Male Sterility

  • Male sterility :- Presence of non-functional pollen grains and absence of functional pollen grains. (while female gametes function normally).
  • It occurs in nature sporadically due to mutation.
  • Male sterility enforces cross pollination.
  • Male sterility can be exploited as a tool to eliminate the need for emasculation for producing hybrid seed.
  • A-Line - Male sterile line
  • B-Line/maintainer Line - Isogenic Line of A-line with male Fertility.
  • R-Line/Restorer Line - A line which restores Fertility when crossed with CGMS-line.
  • There are three basic kinds of male sterility based on the origin of the abnormality:-
    1. True male sterility:- This is due to unisexual flowers that lack male sex organs (Dioecy and monoecy), or bisexual flowers with abnormal or non-functional microspores (leading to pollen abortion).
    2. Functional male sterility:- The anthers fail to release their contents even though the pollen is fertile.
    3. Induced male sterility:- Plant breeders may use chemicals to induce sterility.
  • True male sterility is classified into three groups : - (1) Genetic Male Sterility (GMS) (2) Cytoplasmic Male Sterility (CMS) (3) Cytoplasmic – Genetic Male sterility (CGMS)
(1) Genetic (Nuclear, Genic) Male Sterility (GMS)

  • Caused by nuclear genes.
  • GMS is usually recessive & Monogenic.
  • Generally governed by a single recessive gene (ms).
  • However, male sterility in alfalfa has been reported to be under the control of two independently inherited genes.
  • Dominant genes governing male sterility are also known in safflower.
  • It consists two types lines via A-line & B-line
  • A-Line-ms-Female parent (sterile)
  • B-Line-Ms- it is used to maintain A-Line(male parent)(fertile).
  • ms – Male sterile , Ms – Normal anthers
  • The genetically male sterile line (msms) can be maintained by crossing them with a heterozygous male fertile (Msms) (pollen source) plants.
  • Such a mating produces 1:1 male sterile (msms) and male fertile (Msms) plants.
  • The progeny from ms ms x Ms ms crosses are used as female, and are inerplanted with a homozygous male fertile (Ms Ms) pollinator.
  • 50% fertile rouged out before flowering. This is done by identifying the male fertile plants in seedling stage either due to the pleiotropic effect of the ms gene or due to the phenotypic effect of a closely-linked gene.
  • GMS can be used for the production of hybrid seeds in both seed propagated crops & vegetatively propagated species.
  • 50% plants are fertile which have to be removed every year. This increase the cost of hybrid seed.
  • In USA, it is being successfully used in Castor.
  • In India, it is being used for hybrid seed production of Arhar.
  • Molecular markers (including SCAR,STS, RAPD) associated with male sterility have also been found in some plant species.
(2) Cytoplasmic Male Sterility (CMS)

  • Male sterility is controlled by the cytoplasm (Mitochondrial and chloroplast genes) but may be influenced by nuclear genes.
  • A cytoplasm without sterility genes is described as normal cytoplasm, while a cytoplasm that causes male sterility is called a sterile cytoplasm or said to have CMS.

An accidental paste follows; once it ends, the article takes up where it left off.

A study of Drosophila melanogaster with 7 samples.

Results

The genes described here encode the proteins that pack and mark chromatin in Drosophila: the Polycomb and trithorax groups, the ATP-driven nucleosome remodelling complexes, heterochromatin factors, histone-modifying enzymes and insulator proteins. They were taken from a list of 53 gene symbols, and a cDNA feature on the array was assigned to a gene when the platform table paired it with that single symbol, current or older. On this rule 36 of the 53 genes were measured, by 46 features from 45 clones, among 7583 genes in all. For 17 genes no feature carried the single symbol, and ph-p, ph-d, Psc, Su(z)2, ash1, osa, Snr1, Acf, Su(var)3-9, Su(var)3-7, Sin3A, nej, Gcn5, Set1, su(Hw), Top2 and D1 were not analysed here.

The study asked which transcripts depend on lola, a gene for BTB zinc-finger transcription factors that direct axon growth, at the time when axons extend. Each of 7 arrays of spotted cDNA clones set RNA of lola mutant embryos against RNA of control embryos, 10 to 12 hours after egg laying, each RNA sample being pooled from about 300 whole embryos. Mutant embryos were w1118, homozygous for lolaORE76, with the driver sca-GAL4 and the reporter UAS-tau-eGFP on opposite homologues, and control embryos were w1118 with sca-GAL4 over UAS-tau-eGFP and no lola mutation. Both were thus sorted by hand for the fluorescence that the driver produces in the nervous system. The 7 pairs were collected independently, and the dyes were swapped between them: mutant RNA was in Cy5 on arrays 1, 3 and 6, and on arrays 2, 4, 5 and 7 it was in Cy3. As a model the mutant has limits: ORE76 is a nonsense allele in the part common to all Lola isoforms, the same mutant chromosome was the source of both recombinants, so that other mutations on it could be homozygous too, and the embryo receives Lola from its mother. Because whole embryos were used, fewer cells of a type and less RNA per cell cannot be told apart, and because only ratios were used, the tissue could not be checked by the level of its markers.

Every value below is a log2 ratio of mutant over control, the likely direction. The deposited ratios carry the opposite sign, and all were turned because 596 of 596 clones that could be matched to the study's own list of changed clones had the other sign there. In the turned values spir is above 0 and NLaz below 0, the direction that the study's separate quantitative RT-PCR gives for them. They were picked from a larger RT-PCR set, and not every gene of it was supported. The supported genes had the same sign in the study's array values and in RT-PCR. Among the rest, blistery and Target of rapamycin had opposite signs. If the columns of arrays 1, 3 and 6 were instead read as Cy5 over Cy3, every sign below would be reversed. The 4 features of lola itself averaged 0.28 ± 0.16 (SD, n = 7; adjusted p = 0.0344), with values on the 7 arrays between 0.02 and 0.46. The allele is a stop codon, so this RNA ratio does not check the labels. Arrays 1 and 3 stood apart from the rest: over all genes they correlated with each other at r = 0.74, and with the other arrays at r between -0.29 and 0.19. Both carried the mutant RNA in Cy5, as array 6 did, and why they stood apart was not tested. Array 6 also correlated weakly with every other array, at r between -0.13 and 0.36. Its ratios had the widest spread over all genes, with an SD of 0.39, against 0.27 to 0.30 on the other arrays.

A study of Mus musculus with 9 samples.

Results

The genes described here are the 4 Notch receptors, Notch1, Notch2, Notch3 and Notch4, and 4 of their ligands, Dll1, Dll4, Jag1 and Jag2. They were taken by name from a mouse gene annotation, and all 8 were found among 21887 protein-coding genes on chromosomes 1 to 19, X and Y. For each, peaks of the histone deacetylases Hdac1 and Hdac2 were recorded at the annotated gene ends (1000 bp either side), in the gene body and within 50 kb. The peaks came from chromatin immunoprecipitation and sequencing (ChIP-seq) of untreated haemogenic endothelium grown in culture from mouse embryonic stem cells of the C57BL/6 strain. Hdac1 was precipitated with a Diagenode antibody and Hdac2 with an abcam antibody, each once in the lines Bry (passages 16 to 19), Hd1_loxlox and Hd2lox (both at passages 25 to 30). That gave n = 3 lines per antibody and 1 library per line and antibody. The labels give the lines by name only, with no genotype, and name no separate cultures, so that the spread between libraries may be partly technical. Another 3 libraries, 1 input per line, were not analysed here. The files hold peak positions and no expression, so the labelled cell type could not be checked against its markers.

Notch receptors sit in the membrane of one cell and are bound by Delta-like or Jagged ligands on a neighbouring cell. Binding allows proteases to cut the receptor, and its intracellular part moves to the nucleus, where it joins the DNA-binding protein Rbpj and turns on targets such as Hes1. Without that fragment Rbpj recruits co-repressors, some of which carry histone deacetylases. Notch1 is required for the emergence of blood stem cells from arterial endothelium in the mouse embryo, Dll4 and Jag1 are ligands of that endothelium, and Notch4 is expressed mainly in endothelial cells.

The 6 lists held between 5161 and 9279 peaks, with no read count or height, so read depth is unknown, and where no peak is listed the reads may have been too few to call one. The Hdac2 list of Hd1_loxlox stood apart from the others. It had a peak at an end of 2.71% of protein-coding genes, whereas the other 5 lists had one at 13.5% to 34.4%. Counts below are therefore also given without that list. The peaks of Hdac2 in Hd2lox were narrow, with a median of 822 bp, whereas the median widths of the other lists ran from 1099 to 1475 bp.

• The cytoplasm of a zygote comes primarily from egg cell, the progeny of such male sterile plants would always be male sterile.
  • Nuclear genotype of male sterile line would be almost identical to that of the recurrent pollinator strain.
  • The male sterile line is maintained by crossing it with the pollinator strain used as the recurrent parent in the backcross programme since its nuclear genotype is identical with that of this new male sterile line. such a male fertile line is known as the maintainer line or B line as it is used to maintain the male sterile line is also known as the A line.
  • CMS is useful for ornamental or vegetatively propagated crops where vegetative parts are of economic value.
  • F1 of CMS line is always male sterile, therefore, it cannot be used for crops where seed is the economic part.
  • This system has real advantages in breeding ornamental species because all the offspring is male sterile, hence allowing them to remain fruitless. By not fruiting, the plant remains fresh and in bloom for a longer time.
(3) Cytoplasmic – Genetic Male sterility (CGMS)

  • Both Genetic & Cytoplasmic factors are involved
  • Nuclear gene restore the fertility in male sterile Line.
  • Fertility Restorer gene ‘R’ is dominat & restores male fertility in the male sterile line, hence it is known as restorer gene.
  • Plant would be male sterile in the presence of male sterile cytoplasm if the nuclear genotype were rr, but would be male fertile if the nucleus were Rr or RR.
  • The nuclear genotype of the pollinator strain used in such a transfer must be rr, otherwise the fertility would be restored.
  • The development of new restorer strains is somewhat indirect. First, a restorer strain (say R) is crossed with a male sterile line (A).
  • The resulting male fertile plants are used as the female parent in repeated backcrosses with the strain (C) (used as the recurrent parent), into which the transfer of restorer genes(s) is desired.
  • In each generation, male sterile plants are discarded, and the male fertile plants are used as females for backcrossing to the strain C.
  • This acts as a selection device for the restorer gene R during the backcross programme.
  • At the end of backcross programme, a restorer line isogenic to the stain C would be recovered.

About Author / Additional Info:
I am currently pursuing Ph.D. in Plant Breeding and Genetics from MPUAT-Udaipur (Raj.)